Professor Shawn Bearden seeks support for World Marathon Challenge to Fight Stigma of Depression
Fighting the demons of depression and helping others in this quest are motivating Idaho State University Professor Shawn Bearden to attempt to run seven marathons in seven days on seven continents in January 2018 by participating in the World Marathon Challenge.
“Like a parasite that no one knew I had, it ate the fabric of everything that held me together,” Bearden said of the depression he suffered.
Although Bearden is a high performer, he had never met a challenge as difficult as facing his depression. He’s run ultra-marathons on mountain trails, was a high-level soccer player, earned a doctoral degree, and is an accomplished researcher with funding from the National Institutes of Health and the American Heart Association.
“I am no stranger to hard work, both physically and mentally, but nothing compares to the total draining fatigue of depression. It’s exhausting,” Bearden said.
Telling his wife that he was suffering from depression was his first step in battling the malady, which he said led him to planning suicide.
“Finally telling my wife was the start of learning that I didn’t always have to hold myself up, be strong, pretend I’m happy, or be something I’m not,” he said. “That was the start of my recovery.”
Since then, he has explored numerous methods to address and treat his depression. Key to these efforts, for him and others, is getting over the stigma of having it. “The message has to be clearer, stronger and louder that depression is not to be hidden, marginalized or stigmatized,” Bearden said. “It’s okay to have depression, it’s okay to tell someone and its okay to ask for help. Having depression doesn’t mean you’re damaged or weak.”
This is why Bearden has reached out to become a running ambassador for and will represent the charity iFred at the World Marathon Challenge. iFred, the International Foundation for Research and Education on Depression, has a mission “to shine a positive light on depression and eliminate the stigma associated with the disease through prevention, research and education.”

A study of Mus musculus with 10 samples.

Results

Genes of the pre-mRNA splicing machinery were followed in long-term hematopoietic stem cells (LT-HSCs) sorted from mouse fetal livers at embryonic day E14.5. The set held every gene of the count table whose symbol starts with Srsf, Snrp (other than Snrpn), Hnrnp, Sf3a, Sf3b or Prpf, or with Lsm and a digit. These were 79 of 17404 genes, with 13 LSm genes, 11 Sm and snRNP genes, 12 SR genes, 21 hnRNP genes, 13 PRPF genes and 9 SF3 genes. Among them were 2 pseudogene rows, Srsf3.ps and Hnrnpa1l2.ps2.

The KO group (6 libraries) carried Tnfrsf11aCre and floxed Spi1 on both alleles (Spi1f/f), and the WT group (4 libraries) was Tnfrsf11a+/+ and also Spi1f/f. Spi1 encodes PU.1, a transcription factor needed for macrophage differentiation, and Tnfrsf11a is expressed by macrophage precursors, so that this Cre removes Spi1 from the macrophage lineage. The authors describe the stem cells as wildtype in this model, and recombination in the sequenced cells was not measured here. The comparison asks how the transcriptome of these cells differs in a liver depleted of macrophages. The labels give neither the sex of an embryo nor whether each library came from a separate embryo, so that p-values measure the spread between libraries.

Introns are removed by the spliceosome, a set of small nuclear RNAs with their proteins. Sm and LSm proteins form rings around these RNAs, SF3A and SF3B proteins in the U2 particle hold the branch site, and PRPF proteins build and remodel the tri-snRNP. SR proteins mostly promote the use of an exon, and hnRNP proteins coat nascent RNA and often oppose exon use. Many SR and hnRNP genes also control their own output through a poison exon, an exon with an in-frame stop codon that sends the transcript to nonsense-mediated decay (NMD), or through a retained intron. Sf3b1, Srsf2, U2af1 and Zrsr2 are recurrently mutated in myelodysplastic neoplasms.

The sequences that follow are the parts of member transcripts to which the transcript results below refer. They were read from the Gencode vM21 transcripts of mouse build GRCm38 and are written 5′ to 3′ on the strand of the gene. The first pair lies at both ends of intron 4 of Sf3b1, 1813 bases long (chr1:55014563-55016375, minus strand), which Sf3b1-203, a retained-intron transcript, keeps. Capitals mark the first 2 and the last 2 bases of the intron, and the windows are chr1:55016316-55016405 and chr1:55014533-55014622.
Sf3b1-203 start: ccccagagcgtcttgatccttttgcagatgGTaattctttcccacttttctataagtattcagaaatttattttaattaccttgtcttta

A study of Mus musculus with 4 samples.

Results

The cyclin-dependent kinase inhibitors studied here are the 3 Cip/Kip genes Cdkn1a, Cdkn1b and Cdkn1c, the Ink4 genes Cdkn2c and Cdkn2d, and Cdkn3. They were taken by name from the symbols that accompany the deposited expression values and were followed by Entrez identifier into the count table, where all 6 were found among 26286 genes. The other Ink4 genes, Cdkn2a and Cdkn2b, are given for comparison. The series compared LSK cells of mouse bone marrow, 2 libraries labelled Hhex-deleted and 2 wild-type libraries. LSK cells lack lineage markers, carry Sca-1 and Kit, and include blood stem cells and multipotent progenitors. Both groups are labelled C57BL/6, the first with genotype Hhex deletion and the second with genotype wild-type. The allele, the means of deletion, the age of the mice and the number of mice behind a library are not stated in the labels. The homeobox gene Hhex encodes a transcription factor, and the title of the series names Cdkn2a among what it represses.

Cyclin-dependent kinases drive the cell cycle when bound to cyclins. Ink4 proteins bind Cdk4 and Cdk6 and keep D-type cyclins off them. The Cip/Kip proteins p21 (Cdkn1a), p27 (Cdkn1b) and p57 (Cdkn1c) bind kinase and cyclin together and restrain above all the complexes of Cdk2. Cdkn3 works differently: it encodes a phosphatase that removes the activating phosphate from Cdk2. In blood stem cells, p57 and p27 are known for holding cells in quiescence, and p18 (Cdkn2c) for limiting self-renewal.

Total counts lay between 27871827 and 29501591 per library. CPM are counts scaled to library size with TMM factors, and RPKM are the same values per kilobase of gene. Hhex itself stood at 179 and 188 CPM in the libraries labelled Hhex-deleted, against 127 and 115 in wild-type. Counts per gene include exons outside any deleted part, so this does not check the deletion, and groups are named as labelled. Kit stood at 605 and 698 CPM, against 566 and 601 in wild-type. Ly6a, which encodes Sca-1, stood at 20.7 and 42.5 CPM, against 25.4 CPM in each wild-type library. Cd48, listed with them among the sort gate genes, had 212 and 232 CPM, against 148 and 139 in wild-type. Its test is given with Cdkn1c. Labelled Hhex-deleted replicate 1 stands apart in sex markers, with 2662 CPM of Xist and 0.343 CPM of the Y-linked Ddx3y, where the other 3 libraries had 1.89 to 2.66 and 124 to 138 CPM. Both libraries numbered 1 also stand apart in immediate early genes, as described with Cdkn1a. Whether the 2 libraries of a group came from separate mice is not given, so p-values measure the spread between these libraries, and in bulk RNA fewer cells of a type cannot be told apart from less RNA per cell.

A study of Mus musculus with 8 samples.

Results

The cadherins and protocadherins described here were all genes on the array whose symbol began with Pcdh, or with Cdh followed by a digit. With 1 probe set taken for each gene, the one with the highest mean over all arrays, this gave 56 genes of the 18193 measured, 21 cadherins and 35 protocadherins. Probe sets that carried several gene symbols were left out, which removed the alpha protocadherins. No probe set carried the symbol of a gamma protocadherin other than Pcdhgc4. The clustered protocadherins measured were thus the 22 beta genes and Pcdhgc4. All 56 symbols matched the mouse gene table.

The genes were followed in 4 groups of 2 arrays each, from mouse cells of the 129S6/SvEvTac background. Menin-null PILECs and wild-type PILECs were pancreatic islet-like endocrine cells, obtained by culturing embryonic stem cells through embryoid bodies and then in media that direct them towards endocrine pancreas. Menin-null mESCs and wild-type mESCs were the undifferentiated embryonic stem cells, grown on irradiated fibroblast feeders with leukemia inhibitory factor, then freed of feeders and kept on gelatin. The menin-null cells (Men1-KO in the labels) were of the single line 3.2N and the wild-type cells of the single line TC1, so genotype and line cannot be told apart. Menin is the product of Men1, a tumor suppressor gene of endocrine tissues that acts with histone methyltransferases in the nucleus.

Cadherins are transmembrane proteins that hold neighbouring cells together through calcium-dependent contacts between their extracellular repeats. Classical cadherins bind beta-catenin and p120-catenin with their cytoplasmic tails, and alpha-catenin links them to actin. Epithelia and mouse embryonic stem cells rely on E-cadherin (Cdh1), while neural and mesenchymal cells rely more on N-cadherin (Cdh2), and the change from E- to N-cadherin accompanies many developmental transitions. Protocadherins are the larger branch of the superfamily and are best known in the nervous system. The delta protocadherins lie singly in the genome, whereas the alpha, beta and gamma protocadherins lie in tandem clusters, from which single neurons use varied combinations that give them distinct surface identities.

The World Marathon Challenge is seven 26.2-mile races that begin with one in Antarctica and finish with one in Australia. In between, there are marathons scheduled in Punta Arenas, Chile, South America; Miami, North America; Madrid, Spain, Europe; Marrakech, Morocco, Africa; and Dubai, United Arab Emirates, Asia. These locations are subject to change but will be finalized this spring. He will have 168 hours to finish the last marathon after he begins the first.
“Running seven marathons on seven continents in seven days is amazing, sure, but everyone can give back by volunteering at your local food bank or simply being kind to others,” Bearden said. “People listen when you do monumental things and your message can be delivered to a larger audience. By running this challenge, I’ll get that voice in interviews, post-race speaking engagements, and maybe even a short documentary of the adventure”.
“But,” he continued,” we can all do epic things and have epic influence in our daily lives, too. Running is a metaphor for fighting depression. ‘One step at a time.’ You may not be able to take 50,000 steps in a row right now, but you can take one, and then another.”
Bearden is raising funds to participate in the World Marathon Challenge, which costs about $38,000 to participate in, and he has the additional expenses of getting to the Antarctica and home from Australia. While raising those funds, a portion with go to iFred.org. All funds above the those required for the event that he can raise will go iFred (http://iFred.org).
Those interested in supporting Bearden’s effort can visit his support page at GoFundMe.com/worldmarathons.
“It’s only through donations that I’ll be able to run this event and carry my message about depression to help others,” Bearden said.
For more information about the World Marathon Challenge, visit www.worldmarathonchallenge.com.